What does ‘never forget’ mean to you?

Today is the 16th anniversary of the 9/11 terrorist attacks committed against the USA.  While there is much to write about the heroes of that day, I’d rather hear from my readers.

I was a freshman at Texas A&M University in 2001 and our phone rang early that Tuesday morning.  My roommate picked up the phone to hear his mom exasperatedly yelling that we’ve been attacked and to turn on the TV.  We turned on the TV just in time to watch the second plane hit the World Trade Center.  The rest of the day is a bit of a blur, from professors thinking we made the story up as an excuse to get class cancelled (they hadn’t heard the news yet and it admittedly sounded a bit crazy) to groups of students meeting on campus to weep, pray, and hope for our wounded country.  Elsewhere there were stories of people seeing the news, dropping what they were doing, and making their way to military recruitment centers because they knew war was coming.

As quickly as the terror of that day took place you saw images and read stories of heroism.  From the firefighters running up the stairs of the World Trade Center, knowing the towers could collapse at any moment, to Todd Beamer’s famous “let’s roll” quote that exemplified the fighting spirit of our country, these stories were desperately needed as we saw repeated imagery of planes slamming into buildings in the media.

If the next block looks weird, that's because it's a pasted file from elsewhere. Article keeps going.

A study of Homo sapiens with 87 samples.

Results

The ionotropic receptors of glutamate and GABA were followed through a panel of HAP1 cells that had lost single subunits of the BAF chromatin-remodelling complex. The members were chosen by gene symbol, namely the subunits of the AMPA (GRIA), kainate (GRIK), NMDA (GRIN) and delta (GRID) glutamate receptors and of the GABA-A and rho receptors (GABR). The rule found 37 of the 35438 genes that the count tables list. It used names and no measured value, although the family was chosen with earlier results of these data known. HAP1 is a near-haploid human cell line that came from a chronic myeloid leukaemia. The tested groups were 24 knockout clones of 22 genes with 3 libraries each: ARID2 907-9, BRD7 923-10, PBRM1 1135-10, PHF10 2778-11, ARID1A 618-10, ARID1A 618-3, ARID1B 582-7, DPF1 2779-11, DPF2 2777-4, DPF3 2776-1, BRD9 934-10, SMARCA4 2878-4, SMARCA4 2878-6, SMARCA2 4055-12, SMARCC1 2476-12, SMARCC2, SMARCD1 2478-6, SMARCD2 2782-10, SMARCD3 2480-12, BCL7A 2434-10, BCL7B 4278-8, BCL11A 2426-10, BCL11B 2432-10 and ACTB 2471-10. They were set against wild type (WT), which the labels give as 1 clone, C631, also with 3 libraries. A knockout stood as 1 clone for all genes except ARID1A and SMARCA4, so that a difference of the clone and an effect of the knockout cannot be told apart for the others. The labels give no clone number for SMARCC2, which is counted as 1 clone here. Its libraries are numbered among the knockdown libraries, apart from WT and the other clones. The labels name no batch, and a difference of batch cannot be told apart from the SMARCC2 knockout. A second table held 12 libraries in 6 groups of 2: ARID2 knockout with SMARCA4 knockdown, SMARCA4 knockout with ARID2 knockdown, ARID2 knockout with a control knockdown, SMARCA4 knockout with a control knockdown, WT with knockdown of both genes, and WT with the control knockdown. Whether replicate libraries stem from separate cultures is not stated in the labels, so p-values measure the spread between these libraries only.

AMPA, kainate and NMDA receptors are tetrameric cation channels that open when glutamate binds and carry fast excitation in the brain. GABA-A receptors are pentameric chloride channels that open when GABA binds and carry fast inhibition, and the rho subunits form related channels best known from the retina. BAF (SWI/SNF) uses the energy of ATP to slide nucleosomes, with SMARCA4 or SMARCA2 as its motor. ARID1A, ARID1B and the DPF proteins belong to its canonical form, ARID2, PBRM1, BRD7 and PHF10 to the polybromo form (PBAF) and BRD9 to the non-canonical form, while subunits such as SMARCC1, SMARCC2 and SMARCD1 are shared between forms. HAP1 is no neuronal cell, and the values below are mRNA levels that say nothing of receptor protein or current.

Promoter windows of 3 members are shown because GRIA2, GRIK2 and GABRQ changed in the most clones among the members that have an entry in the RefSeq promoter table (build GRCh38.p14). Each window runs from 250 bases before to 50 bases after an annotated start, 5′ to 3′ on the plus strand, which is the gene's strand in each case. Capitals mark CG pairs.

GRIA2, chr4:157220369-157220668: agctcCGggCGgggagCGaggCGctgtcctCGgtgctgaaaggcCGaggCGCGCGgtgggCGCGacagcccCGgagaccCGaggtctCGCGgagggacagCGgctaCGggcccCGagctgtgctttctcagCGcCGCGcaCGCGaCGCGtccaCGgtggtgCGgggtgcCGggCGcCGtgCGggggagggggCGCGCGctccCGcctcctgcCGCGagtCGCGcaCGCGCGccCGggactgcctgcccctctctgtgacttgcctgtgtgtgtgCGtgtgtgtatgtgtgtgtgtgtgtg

What’s crazy to me is how different that world was compared to today.  There was no Twitter back then, no Facebook.  24 hour news networks were barely a thing back then.  I checked in on my friends at other campuses through AOL Instant Messenger.

One of the first things we heard as that we will ‘never forget’ 9/11/2001.  On this Monday morning I want to hear from you.  What does ‘never forget’ mean to you?  What memories do you have of that horrible day?  What lessons do you think we may have forgotten?  What do you think we need to remember the most?

3 Comments

  1. For me, “never forget” means that we should remember how we demonstrated we are human beings and Americans filled with great compassion and fundamental goodness that can overcome petty rivalries when we truly are driven to do so. We are called the United States, we can be united if we try.

    Reply
  2. Never forget how you felt that day. It’s easy to let time smooth it over the unpleasantness, but we need to remember our helplessness, confusion and anger.

    Reply
  3. Andy… Thank you for writing this and giving us all a moment to remember how this day 16 years ago showed the remarkable evil, but also the tremendous courage and resilience that we are capable of as people.

    This particular post hit home for me as I was also a college freshman in 2001, but at the University of Pittsburgh. Your story from Texas A&M nearly mirrors the way I found out, the way the story spread through the Pitt campus community, and the way the students and faculty reacted to the news. While far from the most dramatic of stories from that day, it was a definitely a surreal experience being away from home for the first time, trying to fit into a new and unfamiliar environment, and then having this unthinkable tragedy happen in the middle of such a unique period of life. It’s impossible for us to compare our lives now to what would have been had this event not happened, but I can undoubtedly say that my life changed drastically on that day.